This is a guest post from David Caragliano, NDI's Senior Program Officer on the Asia team in D.C. You can follow up with David on Twitter.
Citizen participation in Hong Kong is on the rise, but the results of the September 9 legislative council (LegCo) election and the March 25 chief executive election do not fully capture the nature of citizen participation. Voter turnout on September 9 stood at 53 percent – just two percentage points under the historical record in 2004. Public outrage at the candidacy of Chief Executive C.Y. Leung and his push to require Moral and National Education (MNE) courses in Hong Kong schools has been difficult to ignore. However, under Hong Kong’s complex electoral system, political parties have tended to be unresponsive. Civil society has driven political messaging and mobilization, increasingly through online tools.
The candidacy of C.Y. Leung in chief executive election generated frustration among Hong Kong’s voters. His victory only reaffirmed the reality that fifteen years after the Handover a small circle of elites continue to monopolize the chief executive selection process. What if the Hong Kong people could directly elect their chief executive?
Professor Robert Chung and his team at Hong Kong University organized a civil society-driven online referendum, held two days before the actual chief executive selection date. The referendum allowed participants the option to vote for one of the three candidates or vote to abstain – effectively a protest vote. In the charged political climate on the day of the referendum, the “3.23 Civil Referendum” was DDoSed rendering the site inaccessible; however, Chung’s team set up makeshift polling booths at eight locations across the city. Lines of participants snaked around street corners. According to the final tally, 222,990 voted in the referendum and of those that participated 54.6% voted to abstain.
The anti-National Education movement that more recently unfolded in the two months leading up to last week’s LegCo election had its genesis with a Facebook page, called “Scholarism,” started by secondary school students more than a year ago. Scholarism founder Joshua Wong Chi-fung, 15, has become an icon of the movement, and his skillful interactions with media have been memorialized and disseminated on Youtube (繁體中文/English subtitles). Through this page, Hong Kong youth have coalesced around common messages and images – for example, equating MNE with “brainwashing” and echoing themes reminiscent of the 1989 Tiananmen Square pro-democracy movement.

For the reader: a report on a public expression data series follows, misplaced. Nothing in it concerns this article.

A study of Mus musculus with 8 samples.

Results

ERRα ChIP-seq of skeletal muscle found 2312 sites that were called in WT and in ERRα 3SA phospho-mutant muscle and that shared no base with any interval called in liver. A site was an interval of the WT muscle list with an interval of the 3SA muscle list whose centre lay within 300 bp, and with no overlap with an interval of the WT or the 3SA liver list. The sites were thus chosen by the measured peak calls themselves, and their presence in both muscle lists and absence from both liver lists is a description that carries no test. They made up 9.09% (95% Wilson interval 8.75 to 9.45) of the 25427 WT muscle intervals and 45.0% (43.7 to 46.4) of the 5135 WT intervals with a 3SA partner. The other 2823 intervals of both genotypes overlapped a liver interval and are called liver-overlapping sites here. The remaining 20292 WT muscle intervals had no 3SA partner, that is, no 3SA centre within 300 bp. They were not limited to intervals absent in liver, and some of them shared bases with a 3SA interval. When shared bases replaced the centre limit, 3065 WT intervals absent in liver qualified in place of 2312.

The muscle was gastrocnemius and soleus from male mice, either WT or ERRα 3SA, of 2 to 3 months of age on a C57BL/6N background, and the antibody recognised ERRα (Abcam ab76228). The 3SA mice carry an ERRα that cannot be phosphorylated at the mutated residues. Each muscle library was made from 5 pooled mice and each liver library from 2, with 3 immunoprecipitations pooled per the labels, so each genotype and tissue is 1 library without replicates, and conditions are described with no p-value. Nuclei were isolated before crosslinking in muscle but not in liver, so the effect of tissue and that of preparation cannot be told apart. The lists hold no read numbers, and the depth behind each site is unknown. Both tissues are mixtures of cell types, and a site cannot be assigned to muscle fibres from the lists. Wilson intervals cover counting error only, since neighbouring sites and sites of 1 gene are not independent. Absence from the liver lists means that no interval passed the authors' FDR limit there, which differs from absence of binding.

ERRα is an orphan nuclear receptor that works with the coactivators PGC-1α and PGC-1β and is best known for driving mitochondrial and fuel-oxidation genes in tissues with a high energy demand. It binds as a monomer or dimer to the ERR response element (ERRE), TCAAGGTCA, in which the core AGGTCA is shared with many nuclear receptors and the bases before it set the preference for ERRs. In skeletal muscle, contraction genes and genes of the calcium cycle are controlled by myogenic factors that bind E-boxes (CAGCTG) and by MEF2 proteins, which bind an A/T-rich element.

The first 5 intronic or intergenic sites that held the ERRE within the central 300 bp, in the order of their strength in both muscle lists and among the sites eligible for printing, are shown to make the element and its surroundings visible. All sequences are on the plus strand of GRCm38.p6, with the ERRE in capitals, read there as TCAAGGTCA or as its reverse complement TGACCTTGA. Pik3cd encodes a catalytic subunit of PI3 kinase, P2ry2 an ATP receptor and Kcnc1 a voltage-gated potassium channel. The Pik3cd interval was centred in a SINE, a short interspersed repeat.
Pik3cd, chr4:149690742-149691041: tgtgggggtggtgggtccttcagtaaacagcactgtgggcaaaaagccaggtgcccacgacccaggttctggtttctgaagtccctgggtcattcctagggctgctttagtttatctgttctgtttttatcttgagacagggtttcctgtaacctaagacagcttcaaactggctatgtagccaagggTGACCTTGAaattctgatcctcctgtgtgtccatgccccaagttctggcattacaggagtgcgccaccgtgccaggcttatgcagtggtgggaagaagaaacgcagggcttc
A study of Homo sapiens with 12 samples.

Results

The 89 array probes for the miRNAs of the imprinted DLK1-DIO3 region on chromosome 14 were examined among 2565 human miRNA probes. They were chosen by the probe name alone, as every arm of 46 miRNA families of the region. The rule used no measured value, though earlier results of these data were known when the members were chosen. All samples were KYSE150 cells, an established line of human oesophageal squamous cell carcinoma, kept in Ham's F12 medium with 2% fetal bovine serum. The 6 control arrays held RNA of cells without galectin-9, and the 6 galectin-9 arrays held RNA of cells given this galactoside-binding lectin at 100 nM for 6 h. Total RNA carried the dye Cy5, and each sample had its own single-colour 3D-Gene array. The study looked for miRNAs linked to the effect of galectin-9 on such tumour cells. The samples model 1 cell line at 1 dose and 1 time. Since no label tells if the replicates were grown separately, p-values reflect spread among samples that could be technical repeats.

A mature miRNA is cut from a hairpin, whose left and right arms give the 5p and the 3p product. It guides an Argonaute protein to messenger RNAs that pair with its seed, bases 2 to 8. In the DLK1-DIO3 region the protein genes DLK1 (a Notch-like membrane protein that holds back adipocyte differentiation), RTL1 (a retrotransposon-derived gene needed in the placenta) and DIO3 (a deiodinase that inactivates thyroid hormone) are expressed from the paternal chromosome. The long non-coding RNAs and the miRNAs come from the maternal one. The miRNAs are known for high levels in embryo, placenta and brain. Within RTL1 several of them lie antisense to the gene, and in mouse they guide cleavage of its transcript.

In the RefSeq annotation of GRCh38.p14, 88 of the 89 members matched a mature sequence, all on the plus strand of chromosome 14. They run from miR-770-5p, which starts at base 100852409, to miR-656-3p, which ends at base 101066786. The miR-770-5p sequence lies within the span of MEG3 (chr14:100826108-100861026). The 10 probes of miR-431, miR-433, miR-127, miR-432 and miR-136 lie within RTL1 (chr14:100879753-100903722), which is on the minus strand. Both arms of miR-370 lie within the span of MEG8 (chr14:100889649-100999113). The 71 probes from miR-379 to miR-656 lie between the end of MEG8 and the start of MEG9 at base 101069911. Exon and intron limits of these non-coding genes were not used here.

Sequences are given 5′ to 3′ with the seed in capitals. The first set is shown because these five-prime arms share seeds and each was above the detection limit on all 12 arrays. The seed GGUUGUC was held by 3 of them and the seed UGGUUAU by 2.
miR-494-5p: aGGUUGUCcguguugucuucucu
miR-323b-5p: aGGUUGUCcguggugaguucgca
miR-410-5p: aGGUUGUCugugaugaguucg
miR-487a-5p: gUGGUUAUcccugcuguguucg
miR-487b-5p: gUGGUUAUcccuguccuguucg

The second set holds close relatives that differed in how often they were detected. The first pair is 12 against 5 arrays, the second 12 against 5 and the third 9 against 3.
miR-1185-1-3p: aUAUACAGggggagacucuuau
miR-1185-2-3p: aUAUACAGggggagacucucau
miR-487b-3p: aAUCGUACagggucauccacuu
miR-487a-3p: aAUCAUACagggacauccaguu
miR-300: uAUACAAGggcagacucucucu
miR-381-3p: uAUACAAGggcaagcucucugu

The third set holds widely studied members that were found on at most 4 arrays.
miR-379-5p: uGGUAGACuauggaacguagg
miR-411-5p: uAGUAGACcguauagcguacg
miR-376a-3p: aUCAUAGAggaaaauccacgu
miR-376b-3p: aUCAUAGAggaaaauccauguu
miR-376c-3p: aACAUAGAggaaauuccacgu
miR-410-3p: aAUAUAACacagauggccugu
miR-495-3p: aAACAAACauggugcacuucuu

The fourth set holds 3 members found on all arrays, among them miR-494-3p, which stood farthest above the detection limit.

In early July, the Professional Teachers Union voiced concern over a government-sponsored manual for the National Education curriculum, which extolled the virtues of the “China model” (English/繁體中文) while criticizing the defects of democratic government. The online infrastructure for civil society to organize and oppose MNE was already in place. The teacher’s union and the newly formed National Education Parent’s Concern Group linked up with Scholarism, and their websites quickly evolved into forums for planning and publicizing offline collective action throughout late July and August. The movement culminated in marches of tens of thousands of protesters, a 10-day sit-in of government headquarters and hunger strike immediately prior to the LegCo election. The day before the election, the Hong Kong government retreated from its earlier position that MNE be mandatory.
While the 3.23 Civil Referendum and Scholarism have developed into powerful “brands” of citizen activism, political parties are still disconnected from these movements. As we look toward the next LegCo term, charged with working out legislation to effectuate universal suffrage for the chief executive election in 2017, the key question is whether political parties will be able to constructively channel this energy at the grassroots.